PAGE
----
Rowan issues more detailed Timely Warning after student shot with BB gun

After students expressed wanting more details in Rowan Alerts and Timely Warning, the most recent one was more descriptive although the correlation between complaints and this email is undetermined. Graphic Editors / Julia Quennessen

A Rowan student was recently shot with a BB gun off campus just a block away from school grounds, according to the most recent Rowan Timely Warning. 

The student did not report any injuries, suspects, or identifying information other than a white SUV, according to the alert. It also directed students to send any information to the Glassboro Police Department.

The alert also mentioned that the incident took place close to 315 W. High Street, which is only 393.7 feet from the academic building, 301 High Street, according to Google Maps. This academic building houses Rowan’s Art Gallery and numerous classes for students in the College of Communications.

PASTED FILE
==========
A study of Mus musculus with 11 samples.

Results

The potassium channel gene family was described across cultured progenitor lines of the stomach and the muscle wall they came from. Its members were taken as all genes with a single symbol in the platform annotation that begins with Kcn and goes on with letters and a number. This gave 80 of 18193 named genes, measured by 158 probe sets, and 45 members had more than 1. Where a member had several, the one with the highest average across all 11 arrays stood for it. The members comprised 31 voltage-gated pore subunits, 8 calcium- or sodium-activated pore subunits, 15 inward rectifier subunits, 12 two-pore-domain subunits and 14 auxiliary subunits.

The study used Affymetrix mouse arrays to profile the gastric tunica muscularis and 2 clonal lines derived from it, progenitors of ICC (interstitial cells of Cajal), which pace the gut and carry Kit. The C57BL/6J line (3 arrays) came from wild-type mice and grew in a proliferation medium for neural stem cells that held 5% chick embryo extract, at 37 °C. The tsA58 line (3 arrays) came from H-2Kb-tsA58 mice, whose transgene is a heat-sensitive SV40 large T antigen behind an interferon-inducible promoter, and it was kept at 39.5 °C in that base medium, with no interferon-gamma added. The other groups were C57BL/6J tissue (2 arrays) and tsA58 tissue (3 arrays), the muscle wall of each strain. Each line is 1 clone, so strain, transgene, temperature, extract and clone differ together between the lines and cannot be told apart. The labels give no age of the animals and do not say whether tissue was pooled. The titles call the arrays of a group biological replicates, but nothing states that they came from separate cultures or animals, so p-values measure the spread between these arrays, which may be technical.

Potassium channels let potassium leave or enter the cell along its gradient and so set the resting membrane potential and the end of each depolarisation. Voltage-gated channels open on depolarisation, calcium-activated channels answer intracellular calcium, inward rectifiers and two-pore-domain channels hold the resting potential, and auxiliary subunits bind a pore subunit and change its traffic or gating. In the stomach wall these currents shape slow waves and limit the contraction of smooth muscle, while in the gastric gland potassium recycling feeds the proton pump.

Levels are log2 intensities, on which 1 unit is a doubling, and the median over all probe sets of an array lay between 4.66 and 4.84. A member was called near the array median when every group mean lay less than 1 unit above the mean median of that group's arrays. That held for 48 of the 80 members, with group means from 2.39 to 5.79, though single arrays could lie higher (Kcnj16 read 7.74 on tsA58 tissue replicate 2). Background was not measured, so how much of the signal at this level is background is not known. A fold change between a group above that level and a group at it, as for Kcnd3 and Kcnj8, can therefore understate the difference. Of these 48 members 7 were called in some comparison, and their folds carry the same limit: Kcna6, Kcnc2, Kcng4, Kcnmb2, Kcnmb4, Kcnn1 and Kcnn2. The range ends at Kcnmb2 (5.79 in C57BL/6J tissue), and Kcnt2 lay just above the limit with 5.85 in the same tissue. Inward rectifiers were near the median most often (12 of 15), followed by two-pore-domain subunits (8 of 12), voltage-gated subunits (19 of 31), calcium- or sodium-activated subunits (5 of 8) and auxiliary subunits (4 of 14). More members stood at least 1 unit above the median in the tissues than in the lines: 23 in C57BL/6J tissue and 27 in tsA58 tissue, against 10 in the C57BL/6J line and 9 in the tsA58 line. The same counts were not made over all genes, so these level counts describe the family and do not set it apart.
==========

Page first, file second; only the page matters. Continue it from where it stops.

Because of the close proximity to the university, the alert was sent out quickly. According to Rowan Director of Public Safety, Reed Layton, public safety is more inclined to send alerts out quickly when the incident occurs within walking distance from campus.

“When it’s closer, you know, it’s close enough to our perimeter, we send it out right away. But by Clery Law, you [we] don’t have to, but it’s close enough that a couple steps is a big, you know, we were right next door here,” Layton said. 

In the past, students have found Rowan’s alerts to be confusing or vague. There have already been several safety alerts sent out to students this year, like the shooting on Carpenter Street in January and another off-campus shooting that took place back in September

This alert specifically provided students with information about the suspect vehicle and the status of the investigation which has allowed some students to feel more informed.

“It’s nice having more information…sometimes the more it is, the more it scares you, but also the more knowledge the more informed you are,” said Annika Smith, a junior computer science major. 

On the other hand, some students still feel as if the definition of an “off-campus” incident can be unclear. 

“They claim that the Barnes & Noble is right on campus, but then if it’s in a bad connotation, [they claim] it’s off campus. That’s extremely, you know, that’s mixed messages. That’s something that they should either stick to, ’cause that’s a short walk from any of the main buildings,” said Lauren Sorrento, a junior majoring in liberal studies.